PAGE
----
Marginalia exists to explore styles of wine that lie outside the dominant big red/crisp white paradigm. That’s how winemaker Tim Doyle describes what he calls his ‘research program’ in creating lighter reds and amber whites.
The winemaker, a teacher, philosopher, and historian, is inspired by non-mainstream winemaking traditions kept alive by small winemakers throughout Eurasia and the modern natural wine movement. His vision is supported by present-day breakthroughs in oenology practices.
The name comes from the scribbles, notes, and doodles found in books and manuscripts. Marginalia document a previous reader’s interaction with the ideas of the author. They form a continuous conversation over the ideas and information presented. Doyle offers his wines and techniques as an annotation on the margins of wine and winemaking.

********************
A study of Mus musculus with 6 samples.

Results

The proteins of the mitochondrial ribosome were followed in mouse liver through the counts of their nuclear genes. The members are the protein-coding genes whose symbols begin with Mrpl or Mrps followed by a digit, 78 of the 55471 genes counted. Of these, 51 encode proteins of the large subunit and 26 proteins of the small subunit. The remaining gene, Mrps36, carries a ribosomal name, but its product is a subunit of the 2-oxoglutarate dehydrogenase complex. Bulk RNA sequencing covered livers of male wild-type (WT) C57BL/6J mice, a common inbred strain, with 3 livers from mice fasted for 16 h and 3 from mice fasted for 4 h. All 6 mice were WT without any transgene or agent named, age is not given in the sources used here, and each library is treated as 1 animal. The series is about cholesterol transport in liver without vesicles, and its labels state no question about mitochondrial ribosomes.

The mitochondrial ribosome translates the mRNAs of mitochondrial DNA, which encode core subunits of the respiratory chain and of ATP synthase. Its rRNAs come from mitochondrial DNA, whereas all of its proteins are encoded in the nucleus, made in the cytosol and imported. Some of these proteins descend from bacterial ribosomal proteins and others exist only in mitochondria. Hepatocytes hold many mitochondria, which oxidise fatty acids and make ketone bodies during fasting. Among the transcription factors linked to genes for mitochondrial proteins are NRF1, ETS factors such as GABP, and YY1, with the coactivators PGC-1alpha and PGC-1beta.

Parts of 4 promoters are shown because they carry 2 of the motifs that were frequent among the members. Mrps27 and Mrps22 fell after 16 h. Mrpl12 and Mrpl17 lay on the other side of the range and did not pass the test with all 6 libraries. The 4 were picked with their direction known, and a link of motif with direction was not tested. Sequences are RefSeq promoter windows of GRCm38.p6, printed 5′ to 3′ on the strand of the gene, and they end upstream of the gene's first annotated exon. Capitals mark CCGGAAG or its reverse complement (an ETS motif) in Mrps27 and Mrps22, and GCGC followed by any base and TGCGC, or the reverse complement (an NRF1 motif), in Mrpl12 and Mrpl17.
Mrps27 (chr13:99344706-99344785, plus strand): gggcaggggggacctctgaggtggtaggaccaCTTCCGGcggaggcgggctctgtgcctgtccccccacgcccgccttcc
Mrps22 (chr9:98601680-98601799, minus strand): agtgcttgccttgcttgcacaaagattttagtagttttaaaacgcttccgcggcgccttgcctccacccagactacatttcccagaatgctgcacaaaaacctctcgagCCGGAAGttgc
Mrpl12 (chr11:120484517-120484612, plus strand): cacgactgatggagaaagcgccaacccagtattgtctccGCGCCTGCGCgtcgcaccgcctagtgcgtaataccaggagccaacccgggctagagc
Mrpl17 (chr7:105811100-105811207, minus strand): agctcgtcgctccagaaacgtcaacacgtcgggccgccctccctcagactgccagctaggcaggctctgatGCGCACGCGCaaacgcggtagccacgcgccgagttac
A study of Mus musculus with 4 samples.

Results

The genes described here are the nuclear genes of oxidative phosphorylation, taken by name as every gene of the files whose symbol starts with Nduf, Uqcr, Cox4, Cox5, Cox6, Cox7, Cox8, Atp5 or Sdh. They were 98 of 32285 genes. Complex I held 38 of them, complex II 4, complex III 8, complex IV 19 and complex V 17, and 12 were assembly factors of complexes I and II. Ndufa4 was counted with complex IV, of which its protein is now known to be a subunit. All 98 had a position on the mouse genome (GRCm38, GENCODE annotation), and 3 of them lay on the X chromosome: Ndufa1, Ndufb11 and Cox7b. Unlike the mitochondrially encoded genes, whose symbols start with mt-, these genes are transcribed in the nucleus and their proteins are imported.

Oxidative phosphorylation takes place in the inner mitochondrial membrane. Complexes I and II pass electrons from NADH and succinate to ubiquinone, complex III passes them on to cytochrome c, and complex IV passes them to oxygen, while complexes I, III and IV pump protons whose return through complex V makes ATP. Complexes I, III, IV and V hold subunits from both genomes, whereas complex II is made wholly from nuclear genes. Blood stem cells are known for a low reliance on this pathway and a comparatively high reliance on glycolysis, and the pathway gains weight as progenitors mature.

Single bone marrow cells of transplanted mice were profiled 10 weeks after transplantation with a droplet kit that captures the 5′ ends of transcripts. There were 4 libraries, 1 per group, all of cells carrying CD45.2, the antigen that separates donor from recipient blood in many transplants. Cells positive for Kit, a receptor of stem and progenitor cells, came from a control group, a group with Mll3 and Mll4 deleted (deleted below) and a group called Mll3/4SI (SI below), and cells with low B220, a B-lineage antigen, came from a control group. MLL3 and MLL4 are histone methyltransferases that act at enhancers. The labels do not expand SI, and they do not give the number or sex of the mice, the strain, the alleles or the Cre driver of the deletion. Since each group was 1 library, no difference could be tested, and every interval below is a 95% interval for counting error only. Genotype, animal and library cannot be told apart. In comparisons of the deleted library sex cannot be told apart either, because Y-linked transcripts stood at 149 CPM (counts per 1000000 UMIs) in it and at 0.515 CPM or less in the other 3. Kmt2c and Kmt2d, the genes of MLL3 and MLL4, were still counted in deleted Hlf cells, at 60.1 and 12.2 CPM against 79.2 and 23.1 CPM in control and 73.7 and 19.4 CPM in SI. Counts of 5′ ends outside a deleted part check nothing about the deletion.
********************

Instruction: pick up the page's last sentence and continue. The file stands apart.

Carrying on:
Located in Walla Walla, Washington, Marginalia sources its fruit from within the Walla Walla AVA, in order to maintain close relationships with like-minded growers who are sparing in their use of non-organic treatments. The winemaking process is minimally invasive, avoiding chemically synthesized additives or other agents. Non-synthetic additives help maintain a taste more purely of the fruit and the conditions under which it grew. The wine is moved mostly without pumps to avoid cavitation, carbon dioxide loss, and oxygen pickup.
Marginalia wines are offered at the lowest sustainable price to make them accessible and enjoyable to as many wine drinkers as possible.